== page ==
Monday, November 26, 2012

No Good in Theological Debates?

I was listening to a sermon recently and the pastor made a comment that caused a bit of concern (though I’m not sure this is the best word). I have heard similar comments made before, and often, from different churches and leaders. The pastor said something to the effect of, ‘I have seen no good come from a theological debate. We should instead just love Jesus and study the Word.’ He also mentioned that theological debate is divisive and can lead to self righteousness.
I am trying to give him the benefit of the doubt, so I am going to assume he doesn’t fully mean there is no value to debate since he also mentioned that it is important to offer arguments to others. Maybe he meant quarrelsome debate. However, I wanted to offer a few thoughts on his comments, since it is one I have dealt with in the past. The challenge in this, ironically, is to do it such a way as to avoid the label divisive or self righteous. I’ll do my best.
1) Just because you can see no value in something does not mean there is no value or that someone else does not see the value.
                I like math and I think it is useful beyond simply answering the question in front of you. It helps with critical thinking skills and more. Many folks do not see the value, though it is there. For years, I did not like history; it took a long time to see or appreciate the value in it.  While we may not always see the value in something, it does not mean the value is not there.
2) Just because someone does something poorly does not mean we ought not to engage in it.
                Marriage, driving, parenting, communication, relationships, loving God, loving others, preaching, apologetics, debate, etc…Many folks completely mess up these things, myself included, on a daily basis. This does not mean we ought to abandon them. Instead, we must work on doing them well. Many folks come from a family of dysfunctional relationships (who doesn’t? J)- I still wanted to get married and have children. But I knew it was going to take work to do it well. I knew there were certain things I did not want for my relationship. So, I learned from folks that did it well and tried not to make the same mistakes.
3) Unity does not mean we always agree. Debating theology does not always mean being divisive just to be divisive- put another way- Dividing truth from error is not always bad.
                Like it or not good theology does divide. But sometimes our error will have worse results than division. If I say I love Jesus, I need to be sure of a few things about Him (ie…theology). If I am wrong about some of the details of who He is, this could have eternal implications. Even if I just want to ‘love Jesus and study the Word’. Mormons, some New Age folks, and others could say the same thing and still not be a believer.
                Just as we must be careful not to treat ‘nonessentials’ as the most important thing, we must also be careful not to think that if an issue is not explicitly the Gospel that it is not important. Many issues have implications beyond the immediate, but have some level of importance. (ex…baptism, church governance, methods of evangelism, worship music, the sovereignty of God vs. man, Biblical interpretation, etc)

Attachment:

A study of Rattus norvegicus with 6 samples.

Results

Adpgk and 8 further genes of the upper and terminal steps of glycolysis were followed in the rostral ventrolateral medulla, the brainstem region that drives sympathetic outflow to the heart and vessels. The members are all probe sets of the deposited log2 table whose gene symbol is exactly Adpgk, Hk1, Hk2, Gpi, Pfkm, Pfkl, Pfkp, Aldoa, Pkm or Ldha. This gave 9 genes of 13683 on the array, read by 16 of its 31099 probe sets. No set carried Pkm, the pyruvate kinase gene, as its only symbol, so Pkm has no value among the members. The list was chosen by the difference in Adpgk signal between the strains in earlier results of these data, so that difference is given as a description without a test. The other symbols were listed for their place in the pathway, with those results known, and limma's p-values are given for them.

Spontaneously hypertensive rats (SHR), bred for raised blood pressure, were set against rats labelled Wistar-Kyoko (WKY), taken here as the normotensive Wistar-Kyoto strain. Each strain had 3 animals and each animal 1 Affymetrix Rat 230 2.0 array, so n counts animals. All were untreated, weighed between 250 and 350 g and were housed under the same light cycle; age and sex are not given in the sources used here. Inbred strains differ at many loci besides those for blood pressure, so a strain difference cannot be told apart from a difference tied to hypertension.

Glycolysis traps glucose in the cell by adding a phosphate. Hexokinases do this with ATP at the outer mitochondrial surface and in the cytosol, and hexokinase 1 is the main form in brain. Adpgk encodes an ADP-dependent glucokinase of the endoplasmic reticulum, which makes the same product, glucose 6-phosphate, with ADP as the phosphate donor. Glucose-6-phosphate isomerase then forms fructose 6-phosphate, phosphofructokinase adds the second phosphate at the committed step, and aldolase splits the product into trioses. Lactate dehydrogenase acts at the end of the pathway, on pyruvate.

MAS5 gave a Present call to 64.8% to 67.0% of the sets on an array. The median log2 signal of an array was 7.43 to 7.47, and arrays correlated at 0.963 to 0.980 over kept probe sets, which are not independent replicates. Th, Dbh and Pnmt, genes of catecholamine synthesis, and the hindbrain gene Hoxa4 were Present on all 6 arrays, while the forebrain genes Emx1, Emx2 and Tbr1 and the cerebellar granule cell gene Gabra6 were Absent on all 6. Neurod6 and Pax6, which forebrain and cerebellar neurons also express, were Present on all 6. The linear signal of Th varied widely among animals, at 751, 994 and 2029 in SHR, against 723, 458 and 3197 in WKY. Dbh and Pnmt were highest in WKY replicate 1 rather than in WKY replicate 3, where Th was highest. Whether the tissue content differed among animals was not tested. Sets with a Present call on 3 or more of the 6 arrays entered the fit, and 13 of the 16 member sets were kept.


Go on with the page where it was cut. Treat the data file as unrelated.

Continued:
On the formal side of debate folks like Ravi Zacharius, Greg Koukl, William Lane Craig, James White and many other godly men have participated in public debates that have been very helpful, even if not for those directly involved. Koukl calls the value in this- ricochet evangelism. What he means is that sometimes we may never persuade the person we are talking to; sometimes those who may be “listening in” may learn something valuable, even if it only to learn how to deal with those we may disagree with. (I have found this can be the case with many online interactions as well)
 Debate, discussion (even heated), or thinking deeply about controversial theological matters can be done well or poorly.
                As I said above, I want to give the pastor the benefit of the doubt. It may have just been a throw away comment that was not clearly qualified, which is understandable. However, the American Church has long neglected the intellectual life. And many Christians feel like they can never bring up a contrary view for fear they could be, or have been, unfairly labeled divisive. And just for questioning, discussing or debating important issues about the God of the Bible.
                God is bigger than our doubts; He is bigger than our questions; He is bigger than when we mess up. Thank the Lord. Even when we mess up our marriages, theological discussions, and any other human interactions. Thank the Lord. He still saves people in spite of us. Thank the Lord. The Gospel even covers us when we do things poorly. Dare I say, thank the Lord? But it doesn’t always mean we ought to give up those things. Strive, instead, to do them well.